November 11th, 2011
It was not without a note of sadness that we hosted our last “Labyrinth as Sanctuary” at Christ Church Cathedral Ottawa. For the past two and a half years we have brought musicians and participants together in the creation of a peace-filled and creative series of encounters with the medieval labyrinth. “Our” labyrinth is situated in the church hall, which will soon be torn down to make room for condominiums. During these special evenings hundreds of people have come to walk the labyrinth and more than 20 musicians have been introduced to the very particular and engaging place to create music.
For our last “Labyrinth as Sanctuary” we invited the resident organist and director of music of Christ Church Cathedral, Matthew Larkin. He is a natural at the labyrinth and brings a wealth of musical repertoire, yet offers something uniquely his own. Playing for the labyrinth is a kind of musical marathon, as the musician plays until the last person has exited. Usually this runs an hour and a half or so.
As it was Remembrance Day, we acknowledged those who had given their lives in the service of our country and also those who had served and returned home, forever changed by the experience of war.
At the entrance to the labyrinth, along with a basket of poppies, there was a word-bowl, seeded with evocative printed words on the theme of remembrance. At the center of the labyrinth we set a cushion to receive the poppies as an act of remembrance. By the end of the evening there was a collection of poppies but also words. My daughter Willow framed some poignant pairings in the photographs below.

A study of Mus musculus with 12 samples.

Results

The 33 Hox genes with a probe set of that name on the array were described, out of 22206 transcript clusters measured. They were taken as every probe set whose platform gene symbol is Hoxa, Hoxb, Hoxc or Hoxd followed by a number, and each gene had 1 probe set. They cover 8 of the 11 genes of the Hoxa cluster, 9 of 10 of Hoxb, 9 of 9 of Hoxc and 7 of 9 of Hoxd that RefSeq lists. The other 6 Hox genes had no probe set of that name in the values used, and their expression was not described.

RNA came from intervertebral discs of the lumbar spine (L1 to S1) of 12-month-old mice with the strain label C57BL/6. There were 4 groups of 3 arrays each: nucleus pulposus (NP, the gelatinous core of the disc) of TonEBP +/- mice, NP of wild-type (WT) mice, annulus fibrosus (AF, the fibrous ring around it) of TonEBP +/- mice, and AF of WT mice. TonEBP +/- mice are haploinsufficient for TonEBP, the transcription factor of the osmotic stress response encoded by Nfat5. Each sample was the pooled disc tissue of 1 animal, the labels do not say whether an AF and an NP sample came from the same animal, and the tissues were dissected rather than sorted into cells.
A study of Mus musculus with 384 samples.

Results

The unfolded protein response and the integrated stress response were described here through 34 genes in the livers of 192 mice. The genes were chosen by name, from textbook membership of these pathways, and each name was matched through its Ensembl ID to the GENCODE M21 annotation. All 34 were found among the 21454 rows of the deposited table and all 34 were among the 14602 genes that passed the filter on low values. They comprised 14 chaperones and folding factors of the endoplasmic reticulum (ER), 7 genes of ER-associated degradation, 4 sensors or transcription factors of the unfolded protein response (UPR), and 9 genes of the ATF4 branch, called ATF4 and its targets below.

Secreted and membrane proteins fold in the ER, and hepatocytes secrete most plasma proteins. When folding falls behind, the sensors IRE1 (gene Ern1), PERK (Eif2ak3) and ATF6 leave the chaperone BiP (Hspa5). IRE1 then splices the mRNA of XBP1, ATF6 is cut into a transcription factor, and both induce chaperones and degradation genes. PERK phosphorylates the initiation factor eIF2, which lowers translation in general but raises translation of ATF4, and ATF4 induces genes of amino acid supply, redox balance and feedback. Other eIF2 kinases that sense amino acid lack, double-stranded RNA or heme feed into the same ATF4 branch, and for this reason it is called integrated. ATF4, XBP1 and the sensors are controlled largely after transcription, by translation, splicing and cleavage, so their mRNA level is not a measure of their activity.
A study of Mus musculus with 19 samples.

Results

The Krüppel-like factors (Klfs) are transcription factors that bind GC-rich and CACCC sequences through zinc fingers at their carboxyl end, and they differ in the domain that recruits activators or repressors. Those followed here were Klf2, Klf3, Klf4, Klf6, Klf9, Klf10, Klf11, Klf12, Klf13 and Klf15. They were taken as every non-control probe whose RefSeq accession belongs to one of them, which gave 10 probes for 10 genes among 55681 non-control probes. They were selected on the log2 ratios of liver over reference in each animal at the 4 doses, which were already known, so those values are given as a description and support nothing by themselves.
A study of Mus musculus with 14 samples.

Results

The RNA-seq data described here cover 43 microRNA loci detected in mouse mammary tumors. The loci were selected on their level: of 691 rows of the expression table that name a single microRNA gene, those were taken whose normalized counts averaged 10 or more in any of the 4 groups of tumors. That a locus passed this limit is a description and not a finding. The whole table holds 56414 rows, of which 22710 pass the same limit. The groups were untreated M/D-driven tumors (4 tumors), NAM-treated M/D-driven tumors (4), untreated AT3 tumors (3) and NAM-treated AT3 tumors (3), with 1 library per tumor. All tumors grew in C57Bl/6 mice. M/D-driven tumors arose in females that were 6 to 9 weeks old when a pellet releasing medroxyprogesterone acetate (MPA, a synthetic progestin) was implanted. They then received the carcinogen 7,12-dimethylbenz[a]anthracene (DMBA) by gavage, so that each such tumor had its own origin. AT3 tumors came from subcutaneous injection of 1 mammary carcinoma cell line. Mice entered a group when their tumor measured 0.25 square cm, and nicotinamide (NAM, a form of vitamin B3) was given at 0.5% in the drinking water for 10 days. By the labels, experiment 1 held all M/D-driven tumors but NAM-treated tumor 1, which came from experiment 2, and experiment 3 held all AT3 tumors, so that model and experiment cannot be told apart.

It is such a delight to listen to Matthew Larkin play. I spent some time watching as well while taking the video below and I don’t know why I ever turned the camera off. Matthew was really in the moment both in the music and also with the participants. He is a keen observer and picked up on the mood in the room but also was able to influence the tone of the evening as well. There were not many minor notes or somber feeling, rather the accompaniment was energetic even though the participants walked fairly slowly. I did overhear someone say it was a bit like listening to Keith Jarrett. I’d say! It is always a great pleasure to listen to Matthew but especially so while walking the labyrinth, as the experience lends itself to deep listening.
Here is a short video clip of the evening. Not the same as being there, but a nice reminder.
It has certainly been a journey of great adventure to offer the labyrinth to our community. One of our musical collaborators once commented that we had created “a church within a church”. We do have a community of people who gather around the labyrinth. The labyrinth can be seen as a touchstone or a well. It allows one to access a deep sense of peace and wellbeing which once known can be found again and revisited. If we all really knew this and allowed a deep sense of peace to inspire compassion for ourselves and towards others, with growing numbers I know we could create the kind of world we all seek.
One of the aspects of the experience, especially true of the Chartres labyrinth, is the path revealing itself one step at a time. While it is possible to look ahead and see a few turns it is usually not possible to know where you are within the whole pattern.
At this time of the turning of the path in my work with the labyrinth, I trust that the next steps will reveal themselves to me.